How To Use and Create a Full Backup of Windows 11/10 on a USB Drive

Windows 11/10 comes with an in-built backup system that can create a system image or full backup of your Windows PC. One can use the image to restore Windows to the same state when you took the backup. The biggest problem with this system is that it does not back up or create a System Image on a USB drive. This tutorial will look at a hack to make a full backup of Windows on a USB drive.

How To Use and Create a Full Backup of Windows 11/10 on a USB Drive

Follow the steps to create a backup of Windows, and then use it to restore in case Windows crashes.

  1. Prepare the backup drive.
  2. Configure the backup process
  3. Create a System Image

You will need an admin account to execute these steps.

1] Prepare the Backup Drive as a shared network drive

  • Plugin the external drive or USB, and make sure it’s accessible from the file explorer.
  • Create a Folder with the name Backup in it. Now right-click > properties > sharing > share with > select your account.
  • Click Ok to confirm.

Note: This drive is now accessible via a network, but only with your credentials.

create a full backup of Windows 10 on a USB drive

Note:  Since USB drives are of limited capacity most of the time, I will highly recommend using an external drive with at least 1 Terabyte capacity. However, if you cannot do it now, choose essential things to back up. You need at least a 64 or 128 GB USB drive in either case.

2] Configure the Backup Process

  • Open Start, Menu, and type File History. You should see File History Settings as the top search result. Click on it. You can also go to Control Pane > All Control Panel Items > File History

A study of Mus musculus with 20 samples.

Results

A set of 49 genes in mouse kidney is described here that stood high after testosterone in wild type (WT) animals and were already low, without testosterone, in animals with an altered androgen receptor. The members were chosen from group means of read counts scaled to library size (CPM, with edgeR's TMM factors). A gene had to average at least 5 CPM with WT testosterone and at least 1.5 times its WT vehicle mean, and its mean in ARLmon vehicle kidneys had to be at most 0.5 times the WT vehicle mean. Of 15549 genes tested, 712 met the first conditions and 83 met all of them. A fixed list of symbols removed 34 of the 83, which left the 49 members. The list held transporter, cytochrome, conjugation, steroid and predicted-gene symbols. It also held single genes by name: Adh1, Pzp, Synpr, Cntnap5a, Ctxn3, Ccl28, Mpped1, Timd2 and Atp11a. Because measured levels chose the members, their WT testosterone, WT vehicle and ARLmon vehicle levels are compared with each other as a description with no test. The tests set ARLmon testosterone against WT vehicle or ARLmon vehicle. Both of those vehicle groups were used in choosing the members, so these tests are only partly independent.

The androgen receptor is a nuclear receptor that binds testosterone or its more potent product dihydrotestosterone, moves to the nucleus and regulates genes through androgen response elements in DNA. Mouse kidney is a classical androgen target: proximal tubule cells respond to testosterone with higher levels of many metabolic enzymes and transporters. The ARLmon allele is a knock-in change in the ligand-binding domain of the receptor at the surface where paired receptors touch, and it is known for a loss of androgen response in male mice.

• In the next screen, click on System Image backup, or you can directly go to Control Panel\All Control Panel Items\Back up and Restore (Windows 7)System Image Backup Windows

Here, You have three options. First, it lets you select the drive (external and internal). The second option is to use a DVD writer, and the last option is for Network location. The first option sounds best, but when you select the USB drive here, the system doesn’t allow it.

  • Let’s select the third option, which says “Network Location.”

Windows 10 System Image USB Drive 5

  • Browse and select the folder you share while preparing the backup drive.
  • Add your credentials. If you get an error that says Specified location cannot be used, double-check if your credentials are correct.

3] Creating a System Image

Creating a System Image

Click Next (Now you know why we created a network folder) to start the process. During this, you will have the option to select the partitions you want to backup. In the end, you get a preview of deriving included in the system image. Click Start to initiate the backup.

Select partitions for backup

Windows 10 Backup Process

Make sure to keep the drive safe. You can use this to restore the same PC with the same number of drives you backed up. The option to restore is available under Control Panel > System & Security > Backup & Restore > Select another backup to restore files from.

Using System Image to restore is a nuclear option. You get back to the same state as you were in last time. However, it comes with a drawback. If you have created an important file or data and deleted it, it cannot be restored. We highly recommend using File History, which takes up hourly backup.

Can I Save Windows to USB?

If you mean you can install Windows on USB or copy Windows to USB and use it on any other computer, then yes you can do it. However, you will need the right set of software that can do that and a large-size USB drive.

How Can I Create Bootable USB Drive for Windows?

You can use the Microsoft Media Creation Tool to create a bootable USB drive. You can use this drive for advanced troubleshooting and fixing problems in Windows that cannot be fixed from within the OS.


Ashish Mohta
A die-hard fan of Windows, PC Gaming, and Xbox. He is a seasoned content writer with over 15 years of experience in the industry. He is a specialist in writing about Windows, software reviews, troubleshooting Windows, and automation.


  1. These instructions are out-of-date. Seem Microsoft plugged that up. Windows now checks to see if the USB is portable.